Sen. Tim Scott: ‘Thank God for Video’

By Melanie Arter | June 1, 2020 | 10:26am EDT
Sen. Tim Scott (R-SC) speaks during the Senate Committee for Health, Education, Labor, and Pensions hearing to examine COVID-19 and Safely Getting Back to Work and Back to School on May 12, 2020 in Washington, DC. (Photo by WIN MCNAMEE/POOL/AFP via Getty Images)
Sen. Tim Scott (R-SC) speaks during the Senate Committee for Health, Education, Labor, and Pensions hearing to examine COVID-19 and Safely Getting Back to Work and Back to School on May 12, 2020 in Washington, DC. (Photo by WIN MCNAMEE/POOL/AFP via Getty Images)

( – Sen. Tim Scott (R-S.C.) told “Fox News Sunday” that if someone hadn’t videotaped George Floyd being killed during a police arrest in Minnesota, “none of us would have known about it.”

“There's no doubt that what we're having the opportunity to see is the absolute devastation of too many African-American males, over too many decades, frankly. George Floyd, thankfully, was in a position where people were able to film it and video it, and that's why we are having this conversation,” he said.

“Had it not been for someone videotaping this, it would not have happened. If it had not been for Mr. Arbery being videotaped, it would not have happened. Even though it happened, none of us would have known about it,” Scott said.

“The Walter Scott case in 2015, had it not been for a video, it would not have happened, and when you read the police reports, you come to the conclusion that it didn't happen the way it happened until you have a video that substantiates what it is,” the senator added.

Scott also weighed in on the case of a woman in New York City who called the police on an African-American man who was birdwatching in Central Park.

“And perhaps, Chris, what we should focus on, as you said earlier, was the New York City woman who said to the Harvard black man that, ‘I'm going to call the police and say my life is being threatened,’” he said.

Scott said that in that case, it says “there is a lower value on an African-American male life than it is on a white woman's life, and that is part of what played out there and that is part of the significant thing that we need to focus on.”

The senator said “there’s too much abuse within law enforcement towards African-American men.” He said he’s been a victim of it too, being stopped seven times in one year “as an elected official just driving while black.”

“So I'm not going to pretend that there isn't a major racial component, but what I will suggest to you is what I believe is actually happening. Thank God for video. Thank God for film. Thank God for this conversation that we're having today, and thank God we're having it in America, because if you weren't in America, you probably couldn't have this conversation,” Scott said.

“It is not a binary choice, progress or regression. You can actually have both at the same time. We're seeing a lot of goodwill. We're seeing a diversity in the protests that we did not see in the '60s,” he said.

As previously reported, Trump warned Minnesotans on Friday that “when the looting starts, the shooting starts:

“These THUGS are dishonoring the memory of George Floyd, and I won’t let that happen. Just spoke to Governor Tim Walz and told him that the Military is with him all the way. Any difficulty and we will assume control but, when the looting starts, the shooting starts. Thank you!” the president tweeted.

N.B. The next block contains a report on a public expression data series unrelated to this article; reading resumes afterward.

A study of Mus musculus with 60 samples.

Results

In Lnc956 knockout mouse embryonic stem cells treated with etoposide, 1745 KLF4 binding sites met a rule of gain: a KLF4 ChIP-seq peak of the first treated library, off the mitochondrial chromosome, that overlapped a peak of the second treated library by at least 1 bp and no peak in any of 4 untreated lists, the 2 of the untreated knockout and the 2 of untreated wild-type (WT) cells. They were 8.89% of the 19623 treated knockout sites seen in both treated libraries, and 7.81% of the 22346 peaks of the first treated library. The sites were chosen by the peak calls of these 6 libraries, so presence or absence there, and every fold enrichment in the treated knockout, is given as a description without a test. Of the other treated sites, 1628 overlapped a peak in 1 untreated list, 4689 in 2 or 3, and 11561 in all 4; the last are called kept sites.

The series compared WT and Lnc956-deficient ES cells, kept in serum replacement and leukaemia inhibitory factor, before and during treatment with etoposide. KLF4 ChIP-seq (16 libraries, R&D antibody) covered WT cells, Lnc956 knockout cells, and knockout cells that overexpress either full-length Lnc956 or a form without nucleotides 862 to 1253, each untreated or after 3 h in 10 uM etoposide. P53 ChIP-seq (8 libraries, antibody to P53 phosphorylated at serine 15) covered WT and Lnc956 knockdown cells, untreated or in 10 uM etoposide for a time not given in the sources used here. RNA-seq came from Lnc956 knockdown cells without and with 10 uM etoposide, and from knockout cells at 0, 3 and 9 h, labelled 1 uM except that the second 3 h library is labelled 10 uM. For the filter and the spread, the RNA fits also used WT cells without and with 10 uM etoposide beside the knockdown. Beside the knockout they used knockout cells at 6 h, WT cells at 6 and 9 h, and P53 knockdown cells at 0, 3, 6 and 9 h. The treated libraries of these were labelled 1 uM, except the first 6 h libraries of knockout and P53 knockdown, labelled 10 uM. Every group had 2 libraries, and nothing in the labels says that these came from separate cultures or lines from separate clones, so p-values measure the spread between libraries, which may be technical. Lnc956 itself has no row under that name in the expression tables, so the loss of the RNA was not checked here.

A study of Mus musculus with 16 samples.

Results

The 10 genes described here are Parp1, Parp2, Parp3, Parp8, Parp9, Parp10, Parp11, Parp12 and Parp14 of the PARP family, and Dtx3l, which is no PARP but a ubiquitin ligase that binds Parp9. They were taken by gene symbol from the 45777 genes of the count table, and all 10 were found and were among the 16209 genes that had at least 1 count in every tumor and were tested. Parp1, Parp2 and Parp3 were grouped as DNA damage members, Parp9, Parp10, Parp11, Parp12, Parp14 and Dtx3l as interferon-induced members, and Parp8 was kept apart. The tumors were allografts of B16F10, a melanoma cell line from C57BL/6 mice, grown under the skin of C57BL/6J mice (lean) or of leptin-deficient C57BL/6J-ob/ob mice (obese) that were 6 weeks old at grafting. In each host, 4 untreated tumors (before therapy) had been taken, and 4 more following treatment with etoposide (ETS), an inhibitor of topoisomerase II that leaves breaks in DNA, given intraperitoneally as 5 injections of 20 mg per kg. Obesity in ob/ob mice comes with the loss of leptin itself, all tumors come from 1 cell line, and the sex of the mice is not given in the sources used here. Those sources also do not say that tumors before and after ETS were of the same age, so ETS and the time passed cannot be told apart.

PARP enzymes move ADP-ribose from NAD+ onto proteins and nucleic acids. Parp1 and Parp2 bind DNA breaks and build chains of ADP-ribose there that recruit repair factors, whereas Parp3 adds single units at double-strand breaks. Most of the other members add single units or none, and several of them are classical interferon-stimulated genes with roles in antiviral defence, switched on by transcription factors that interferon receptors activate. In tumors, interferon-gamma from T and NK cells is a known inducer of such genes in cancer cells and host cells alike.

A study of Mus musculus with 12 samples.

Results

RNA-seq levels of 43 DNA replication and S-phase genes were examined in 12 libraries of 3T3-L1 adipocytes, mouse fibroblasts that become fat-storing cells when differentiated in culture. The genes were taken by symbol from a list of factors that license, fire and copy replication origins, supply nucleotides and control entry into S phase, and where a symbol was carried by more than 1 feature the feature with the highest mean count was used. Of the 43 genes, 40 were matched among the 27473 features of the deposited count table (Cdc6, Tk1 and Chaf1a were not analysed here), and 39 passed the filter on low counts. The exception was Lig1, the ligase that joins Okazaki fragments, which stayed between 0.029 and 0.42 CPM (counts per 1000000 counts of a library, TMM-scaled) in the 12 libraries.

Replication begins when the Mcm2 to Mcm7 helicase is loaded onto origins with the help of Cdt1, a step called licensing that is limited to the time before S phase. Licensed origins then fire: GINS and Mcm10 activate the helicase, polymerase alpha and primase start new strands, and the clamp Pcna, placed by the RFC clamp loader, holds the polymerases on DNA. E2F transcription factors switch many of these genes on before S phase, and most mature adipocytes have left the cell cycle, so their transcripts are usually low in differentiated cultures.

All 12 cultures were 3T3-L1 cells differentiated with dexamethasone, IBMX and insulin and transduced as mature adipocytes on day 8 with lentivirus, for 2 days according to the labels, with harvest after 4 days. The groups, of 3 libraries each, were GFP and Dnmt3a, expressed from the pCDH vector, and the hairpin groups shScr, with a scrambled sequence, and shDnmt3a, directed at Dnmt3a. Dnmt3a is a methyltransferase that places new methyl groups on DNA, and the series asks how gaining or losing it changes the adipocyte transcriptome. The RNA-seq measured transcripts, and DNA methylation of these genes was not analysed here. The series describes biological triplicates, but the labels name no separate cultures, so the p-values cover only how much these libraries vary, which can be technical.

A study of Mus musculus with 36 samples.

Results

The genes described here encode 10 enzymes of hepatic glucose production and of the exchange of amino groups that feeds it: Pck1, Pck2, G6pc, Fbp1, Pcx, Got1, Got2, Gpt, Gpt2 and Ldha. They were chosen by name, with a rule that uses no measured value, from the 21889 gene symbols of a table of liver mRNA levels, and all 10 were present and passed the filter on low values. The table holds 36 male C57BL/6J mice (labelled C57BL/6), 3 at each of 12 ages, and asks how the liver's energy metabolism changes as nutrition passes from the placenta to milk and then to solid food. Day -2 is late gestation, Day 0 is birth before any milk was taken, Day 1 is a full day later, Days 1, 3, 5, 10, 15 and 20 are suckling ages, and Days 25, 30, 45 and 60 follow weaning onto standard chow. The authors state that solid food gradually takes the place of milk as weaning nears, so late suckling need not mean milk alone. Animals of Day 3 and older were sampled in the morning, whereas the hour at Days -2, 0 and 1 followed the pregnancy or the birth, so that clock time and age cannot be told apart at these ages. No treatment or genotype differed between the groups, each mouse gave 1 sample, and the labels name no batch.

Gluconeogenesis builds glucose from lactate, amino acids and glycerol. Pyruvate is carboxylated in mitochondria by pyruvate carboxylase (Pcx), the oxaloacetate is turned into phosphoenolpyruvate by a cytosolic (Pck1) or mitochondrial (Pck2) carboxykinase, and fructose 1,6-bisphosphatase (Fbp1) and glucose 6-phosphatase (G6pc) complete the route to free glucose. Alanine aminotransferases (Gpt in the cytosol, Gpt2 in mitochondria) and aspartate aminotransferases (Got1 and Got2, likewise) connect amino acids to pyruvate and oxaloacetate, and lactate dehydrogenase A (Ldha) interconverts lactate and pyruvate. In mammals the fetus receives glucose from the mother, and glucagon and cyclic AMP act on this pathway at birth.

On Sunday, Trump praised the Secret Service's for handling of protesters outside the White House and warned that protesters who breached the White House fence would “have been greeted with the most vicious dogs, and most ominous weapons, I have ever seen.”

Scott said Trump’s tweets were “not constructive” – a sentiment he conveyed to the president when he spoke with Trump on Saturday morning. They also discussed the “what are the next steps.” 

“Well, those are not constructive tweets, without any question. I'll say this, I spoke with the president yesterday morning, and he and I had a good conversation about what are the next steps. 

“I told him what I'm going to tell you, which is, Mr. President, it helps us when you focus on the death, the unjustified, in my opinion, the criminal death of George Floyd. Those tweets are very helpful. It is helpful when you say what you said yesterday, which is that it's important for us to recognize the benefit of non-violent protests,” Scott said he told the president.

“It is helpful when you respond to my request to have the Department of Justice, led by Attorney General Barr, have a commission and a conversation around race and justice in this nation. Mr. President, it is helpful when you lead with compassion, and the tweets that I saw yesterday were far better,” the senator said.
“Did you speak truth to power and did you say to him, when you talk about thugs, when you talk about looting and shooting and you talk about vicious police dogs, what did you say about that?” host Chris Wallace asked.

“I used similar words that you just used, which as we talked about the fact that there's a constructive way to have a dialogue with a nation, and in a similar fashion, that we had a conversation after Charlottesville. The president will listen if you engage him with the facts of the issue and then you ask him to focus on -- his attention on making progress as one nation under God,” Scott said.

“I think his tweets yesterday were far more responsive after the conversation. I'm thankful that we can have that conversation. We don't always agree. I didn't agree with some of his tweets beforehand, but we have the ability to sit down and dialogue on how we move this nation forward and not let the detractors get in the way of what has been a pretty phenomenal couple of years economically,” he said.